Boeing has finalised a $4.7bn agreement to buy back Spirit AeroSystems in a deal which could also see Airbus take on the supplier’s activities relating to its own supply chain. 

The coordinated deal arrives after months of speculation on the issue following the blow out of a Spirit-manufactured door plug on a 737 MAX 8 plane in January and subsequent investigations by the Federal Aviation Administration (FAA). 

Boeing CEO Dave Calhoun said: “This is an opportunity to bring back critical airplane manufacturing work on Boeing airplanes into our factories – where Boeing and Spirit world-class engineers and mechanics can work seamlessly together, focused on a common mission to build safe and quality airplanes for our customers. 

“Among the many actions we’re taking as a company, this is one of the most significant in demonstrating our unwavering commitment to strengthen quality and make certain that Boeing is the company the world needs it to be.” 

Boeing’s acquisition involves an all-stock transaction and will also see the company take on Spirit’s debts, bringing the total value of the agreement, expected to close in mid-2025, up to $8.3bn. 

Meanwhile, Airbus said it had also entered into a binding sheet agreement on a potential acquisition of some of Spirit’s activities, which supply wing, fuselage and pylon parts for Airbus aircraft. 


While Airbus made sure to clarify there was “no guarantee that a transaction will be concluded”, the company’s hand would likely be forced if Boeing’s acquisition is approved. 

Spirit CEO Patrick Shanahan said he believed that bringing the activities under the ownership of the manufacturers themselves would “enable greater integration and alignment.” 

He said: “Bringing Spirit and Boeing together will enable greater integration of both companies’ manufacturing and engineering capabilities, including safety and quality systems.”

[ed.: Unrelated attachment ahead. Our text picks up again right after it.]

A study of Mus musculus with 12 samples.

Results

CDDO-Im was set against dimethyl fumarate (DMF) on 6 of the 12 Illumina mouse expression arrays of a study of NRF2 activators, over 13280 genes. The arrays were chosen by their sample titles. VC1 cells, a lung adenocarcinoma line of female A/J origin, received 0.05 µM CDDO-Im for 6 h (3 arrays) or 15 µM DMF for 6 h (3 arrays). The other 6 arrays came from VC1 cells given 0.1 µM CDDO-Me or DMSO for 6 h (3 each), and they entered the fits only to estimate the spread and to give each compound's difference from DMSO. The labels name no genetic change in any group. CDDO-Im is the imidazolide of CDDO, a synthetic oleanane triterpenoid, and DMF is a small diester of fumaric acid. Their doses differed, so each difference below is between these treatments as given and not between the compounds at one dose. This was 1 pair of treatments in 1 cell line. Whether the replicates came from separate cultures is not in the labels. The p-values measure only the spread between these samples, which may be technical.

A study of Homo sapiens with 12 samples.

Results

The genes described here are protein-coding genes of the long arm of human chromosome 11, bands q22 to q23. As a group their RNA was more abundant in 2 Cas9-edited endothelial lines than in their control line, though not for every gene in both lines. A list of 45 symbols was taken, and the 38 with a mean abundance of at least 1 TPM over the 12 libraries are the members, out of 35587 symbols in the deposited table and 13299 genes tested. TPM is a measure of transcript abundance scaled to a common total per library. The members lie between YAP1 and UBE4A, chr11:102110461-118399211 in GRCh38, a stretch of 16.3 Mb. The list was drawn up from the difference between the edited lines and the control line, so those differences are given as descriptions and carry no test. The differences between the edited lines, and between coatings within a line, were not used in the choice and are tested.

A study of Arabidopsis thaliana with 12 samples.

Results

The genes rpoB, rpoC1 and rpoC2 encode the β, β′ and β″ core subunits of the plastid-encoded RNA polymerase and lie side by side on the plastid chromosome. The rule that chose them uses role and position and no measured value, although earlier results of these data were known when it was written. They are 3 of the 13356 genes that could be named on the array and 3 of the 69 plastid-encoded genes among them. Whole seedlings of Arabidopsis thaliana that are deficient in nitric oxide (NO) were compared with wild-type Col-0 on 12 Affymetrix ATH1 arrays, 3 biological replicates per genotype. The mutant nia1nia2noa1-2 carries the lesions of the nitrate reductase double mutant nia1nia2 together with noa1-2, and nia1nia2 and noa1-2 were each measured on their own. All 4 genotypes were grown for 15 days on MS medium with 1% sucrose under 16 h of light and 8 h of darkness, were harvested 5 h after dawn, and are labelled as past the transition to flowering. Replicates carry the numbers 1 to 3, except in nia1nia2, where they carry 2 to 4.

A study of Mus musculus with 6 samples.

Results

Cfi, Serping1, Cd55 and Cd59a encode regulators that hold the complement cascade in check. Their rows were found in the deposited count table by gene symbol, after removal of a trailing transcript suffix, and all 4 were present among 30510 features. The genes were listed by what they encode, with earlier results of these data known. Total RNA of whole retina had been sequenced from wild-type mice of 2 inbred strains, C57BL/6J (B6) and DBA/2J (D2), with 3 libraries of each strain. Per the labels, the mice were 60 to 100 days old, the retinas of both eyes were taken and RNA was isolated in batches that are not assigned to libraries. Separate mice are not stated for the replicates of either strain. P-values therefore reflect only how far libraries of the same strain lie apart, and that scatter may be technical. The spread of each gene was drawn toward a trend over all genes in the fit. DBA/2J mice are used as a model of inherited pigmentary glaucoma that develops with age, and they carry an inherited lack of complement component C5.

While the industry will be hoping that the breakup of Spirit, spun-out from Boeing in 2005, may help the US manufacturer address the quality control concerns about its production lines, the deal will also receive scrutiny on its effect on other Spirit customers. 

Though the supplier seems set to sell its Airbus-related activities to the European manufacturer, Boeing confirmed its own acquisition would include other commercial, defence, and aftermarket operations, such as Spirit’s work with the US Department of Defence. 

Boeing and Spirit’s quality control issues 

At the centre of the acquisition is Boeing’s ongoing attempts to appease regulators and its airline customers after a series of audits and investigations found serious issues with its safety culture and multiple incidents of installation errors on its aircraft. 

While the FAA and National Transportation Safety Board (NTSB) have mostly focussed on the manufacturer itself, with Boeing likely to blame for the missing bolts on the door plug involved in the Alaska incident, Spirit has also seen criticism from regulators for its quality control. 

An audit conducted in response to the incident saw the FAA fail the supplier on seven of 13 tests and found that some of its technicians did not appear to have the necessary knowledge for the operations they were carrying out. 

Notably, the FAA’s report recorded Spirit employees using a hotel key card to test a door seal and applying dish soap as a lubricant during the fitting of another 

While Boeing recently presented its safety roadmap to the FAA, the company’s 737 MAX factories remain under increased oversight by the regulator, which has also limited their output. 

By bringing Spirit’s activities back in-house, the manufacturing giant will be hoping to further appease the regulator and possibly influence the US Government’s decision on whether to bring charges in relation to the alleged violation of a deal made in 2021. 

Speaking to Airport Technology’s sister publication Airforce Technology, Global Data Defence Analyst Tristan Sauer said: “The purchase of Spirit is likely designed to offset some of the issues they have had with manufacturing and quality control, likely looking to bring Spirit’s expertise and infrastructure in-house to help address their production backlog.”